Very Cool Ephemera or Clothing Maketh the Man (and the Woman)!
When I teach, I always try to bring in bits of material culture (buttons, medals, coins, glass, jewelry, seals, icons, ritual implements, cloth and so forth – the things we use every day in various ways), because it can tell us every bit as much about a people, place, or in my case since I teach theology, a religion as the written word. We tend to privilege the text in academia and in western culture in general, but I find that when my students handle oh, a 10th century manuscript page, or a ritual drum, or a religious statue, when they see and get to *touch* some embroidery or a prayer shawl, or shaman’s coat, or liturgical vestment, some of which may be quite old, the subject I’m teaching comes alive for them. It’s the same when I immerse them in religious music of whatever tradition I happen to be discussing. So, because I use these things in my teaching, I tend to be a fairly avid antique buff.
Saturday, the local historical society was having an antique postcard and ephemera sale and of course I went. My friend and I spent about an hour and a half in a high school gymnasium, where the sale was being held, looking through lithographs, books, cards, and various types of ephemera (paper antiquities). Thanks to my friend MAG, boy did I score. I’m sharing it now just because it’s cool and it was only five dollars! This is a picture, I’m guessing mid-nineteenth century, maybe a little earlier, of an actress. What made me buy the image is the careful depiction of her hand quilted pink silk petticoat. It’s just glorious, omg. Yes, I have a side interest in textile and fashion history. Check it out:
I’m not sure I can use this for my theology class, but it’s cool nonetheless, especially since I have an actual handmade replica of a pink silk hand quilted petticoat (longer than the one pictured here) tucked away in my dresser upstairs.
Clothing really is fascinating. I often suggest that people cook for their dead or learn a little of the language of their ancestors or do genealogy research. All of these things are a powerful, powerful way of connecting with our honored ancestors and teach us useful and practical skills as well. Handling the garb that they would have worn every day, maybe even wearing it oneself on occasion (I have dressed in full 18th century garb when giving talks on the castrati, and it does tend to impact some of my ritual wear just a little) can likewise be educational. I connect more strongly to my female ancestors on my mom’s side when I’m wearing clothing similar to what some of them might have worn (even if it’s just a token handmade apron, which I do wear when I cook) than at almost any other time, save when I’m doing handwork. I completely understand why some people choose to do full, clothing-authentic reenactment as a type of ancestor veneration.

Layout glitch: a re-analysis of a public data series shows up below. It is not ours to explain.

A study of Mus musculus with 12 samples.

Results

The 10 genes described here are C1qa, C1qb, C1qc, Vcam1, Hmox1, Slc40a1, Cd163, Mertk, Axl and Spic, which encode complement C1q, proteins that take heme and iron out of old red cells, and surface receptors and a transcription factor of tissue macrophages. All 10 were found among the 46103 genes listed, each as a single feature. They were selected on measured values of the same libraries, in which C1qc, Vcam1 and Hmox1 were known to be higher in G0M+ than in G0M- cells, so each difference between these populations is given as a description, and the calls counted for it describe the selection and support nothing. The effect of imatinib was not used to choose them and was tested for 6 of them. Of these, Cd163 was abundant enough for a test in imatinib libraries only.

Even if you’re not interested in going that route (and I admit, I don’t for the most part, save for the occasional ritual or special lecture), handling and learning about the things our ancestors wore and how they moved in their world is helpful. The clothing we wear impacts how we engage spatially; it impacts how we are able to move in veneration of our Gods, the positions we can take, what ritual acts we’re able to comfortably do –I’ll give you an example. I have a coat that I wear as a spirit worker/shaman that is very heavy leather. It has ample charms and metallic pieces sewing all down the front and back in various patterns and a fringe of metallic charms. It is almost impossible to make a full prostration in that thing. I can do it, but it is really, really uncomfortable.
Here’s another example. I never understood why Victorian furniture was so hard and stiff; then I wore a corset for the first time (they are so very comfortable for someone with L4/L5 spinal damage. If I could stand to do it, I’d wear one daily. My back never hurt when I was in one). I sat down on my 21st century couch and nearly drowned in my cleavage. I suddenly realized that the stiffness of the furniture reflected the needs of women who were corseted all day, not just a little bit to help my back like I was. The furniture supported them in their garb. It was a eureka moment and it occurred shortly after I attended a conference on medieval textiles and fashion wherein a presenter pointed out that every single piece of cloth was valuable to our ancestors. Even high-status women and men would wear clothing that had patchwork and careful piecing because cloth was a commodity both difficult and time-consuming to make.
That conference completely changed the way that I looked at the work my female ancestors did, and it changed the way I looked at cloth in general. I began to embroider more and to be much more mindful about the clothing I bought (I can’t sew save for basic repairs, though I very much would like to learn one day). I stated mending and repairing much more frequently, and ever so slowly began trying to buy only natural fibers. This latter was partly due to my assistant who prefers natural fibers and partly due to learning that synthetic fabrics are basically plastic. I had another epiphany thanks to one of my ancestors, where I realized that we couldn’t dress the way we do today without the blessing of central heating and air conditioning.
These are, I realize, small things in the grand scheme of the world, but they were moments of understanding that helped me to deepen my connection to my ancestors, and my appreciation of all the crafts and skills that they had to do to survive in and better their world. Clothing really does tell us so much about how a person lives, how they love, and even how one honors the Gods. Here concludes my bit of rambling fun for the day.